Wednesday, February 18, 2015

X-Men Forever 2 by Chris Claremont issue #14-16 (2011)

Here we are at the end of the line. It's hard to believe that I just spent a month and a half with this series with the joy and (sometimes) burden of a polarized perspective whenever I write these reviews. This would be my last Claremont series though I have plans to read his graphic novels right after XMF (most notably God Loves, Man Kills; The Dark Phoenix; and Days of Future Past). I would have opted to read his classic works in the title The Uncanny X-Men which ran until the late nineties or so but I think that would take a very long time and I have other more pressing commitments to read in the X-Men universe this year that are not strictly Claremont after all. When all is said and done, I don't have regrets choosing X-Men Forever even when I've reached a very low point while reading it. I'll be expounding on why in an official post that will detail what I've learned, loved and loathed from reading Chris Claremont as an X-Men writer. For now, let's focus on issues #14-16.

I thought it was only appropriate that X-Men Forever ends with the resolution of the Storm arc, considering it's a parallel to where the series first started which was Ororo Munroe's betrayal and deceit when she was revealed as a spy for the enemy (the Consortium) and after her brutal murder of Logan a.k.a fan-favorite Wolverine. The five-issued story arc from the first season entitled Love--And Loss! was ultimately my favorite of all the arcs and the entire series itself so I already have expectations for these three concluding issues, and I generally forego having expectations for XMF a long time ago (since the Sentinels bullshit, to be specific about it). There are two ways of looking at the ending of this series; one is a cynical  one where you still believe this series could deliver something better than it established from the beginning because you want to think Claremont still has it, considering his legacy. The other one is to accept without any sort of condescension or resentment that XMF delivered exactly what it can only achieve in its grand finale that may not be as promising as we all originally thought when we started reading past the five issues. I, of course, choose the latter. I wasn't disappointed when I finished reading issues #14-16. In fact, I thought it stuck its landing given the scope of hits-and-misses for this series as a whole. Did I think it could be better? YES. Absolutely, it could have been, but I stopped holding onto that possibility midway through the first three issues of the second season.

Divided meticulously well in three parts, the Storm story arc is a quiet and straightforward gameplay that began with the X-Men's infiltration of Wakanda (issue #14), which slowly progressed to a final climactic confrontation against the Avengers who are still in the dark in the most ridiculous and pathetic sense (it's the only thing that annoyed me about this ordeal; I really hoped Captain America and Thor would know better than to expect the worst from the X-Men when Tony Stark obviously gave up his life for the salvation of mutantkind). Finally, Perfect Storm (the vicious cunt clone) was apprehended and stored away as the real Storm (Ghost Panther and young 'Ro) have successfully merged  as one at last, and she has chosen to stay in Wakanda not only to rule its constituents but also to lead (even if the Consortium still lurks in the corner, probably ready to strike soon enough) by the end of issue #16.  Now, was it the ending that I wanted for a series that has been such a mixed bag of outrageous and convoluted plot arcs that were only balanced by the compelling character arcs its female characters represented in between? Well, the answer is truly a YES and NO combo.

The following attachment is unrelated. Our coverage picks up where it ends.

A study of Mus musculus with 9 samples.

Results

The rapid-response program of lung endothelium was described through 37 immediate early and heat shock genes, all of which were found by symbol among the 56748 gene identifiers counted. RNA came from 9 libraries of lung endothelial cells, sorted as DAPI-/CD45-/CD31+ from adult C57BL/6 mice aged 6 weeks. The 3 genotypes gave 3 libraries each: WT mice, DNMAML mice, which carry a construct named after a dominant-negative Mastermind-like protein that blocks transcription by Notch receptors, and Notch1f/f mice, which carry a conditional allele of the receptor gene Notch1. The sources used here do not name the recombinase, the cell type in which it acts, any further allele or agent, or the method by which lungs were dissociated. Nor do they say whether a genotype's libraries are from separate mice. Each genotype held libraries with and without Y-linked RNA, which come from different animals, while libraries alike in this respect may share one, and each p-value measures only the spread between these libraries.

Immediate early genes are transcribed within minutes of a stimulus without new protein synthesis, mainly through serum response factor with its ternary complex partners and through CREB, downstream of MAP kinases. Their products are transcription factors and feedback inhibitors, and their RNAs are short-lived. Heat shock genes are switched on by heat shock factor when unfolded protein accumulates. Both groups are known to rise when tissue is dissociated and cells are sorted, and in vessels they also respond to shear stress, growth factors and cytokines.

YES because I'm just glad it's over and I can move on to the next X-Men title on my list. I don't think the ending would have been better either way because, though the series started out good, it  also got frustratingly disjointed midway through so hoping for an ending that will somehow fix the shitty clusterfucks that occurred earlier in the series is simply delusional. XMF, however, still tried its best to conclude on an acceptable average note. It had a nice ending, and that's it. I would also like to commend the fact that even when important characters like Wolverine and Beast died, they died not for shock value but rather in a dignified way that also allowed other characters some room to grow and thrive as individuals and as a team. I was invested in the Storm storyline so I was fine that the series ended on its pay-off. Also, I thought the character arcs with Kitty Pryde and Rogue (plus Nightwalker and Mystique) were satisfying even when they weren't absolutely concluded in this last issue. I can just come up with other ways their arcs would have developed some more which leaves a lot to contemplate about. I also thought the fact that it ended with Jean Grey and Scott (Cyclops) reconciling their differences not as lover but as comrades and leaders of the X-Men felt right. It resonated with me. Everything about this wrap-up was...NICE.

NO because there are still MANY UNASWERED QUESTIONS that are hard to ignore, particularly about the Consortium and the mutant burnout, and what is Nate Summers role in all of this debacle. These supposedly main plot arcs are swept under the rug somehow and so they were left being completely ambiguous. They're unfinished businesses that I believe weren't explored for this title sufficiently, making their impact underwhelming. I don't think Claremont ever wrote a follow-up for this. Perhaps other titles picked them up but I highly doubt it. I thought it was rather reckless and disappointing to overlook resolving these main arcs. But hey, I don't care about them in the first place so out of sight, out of mind. Now I rate these issues an 8-rating but only because I was happy about the Storm arc's pay-off.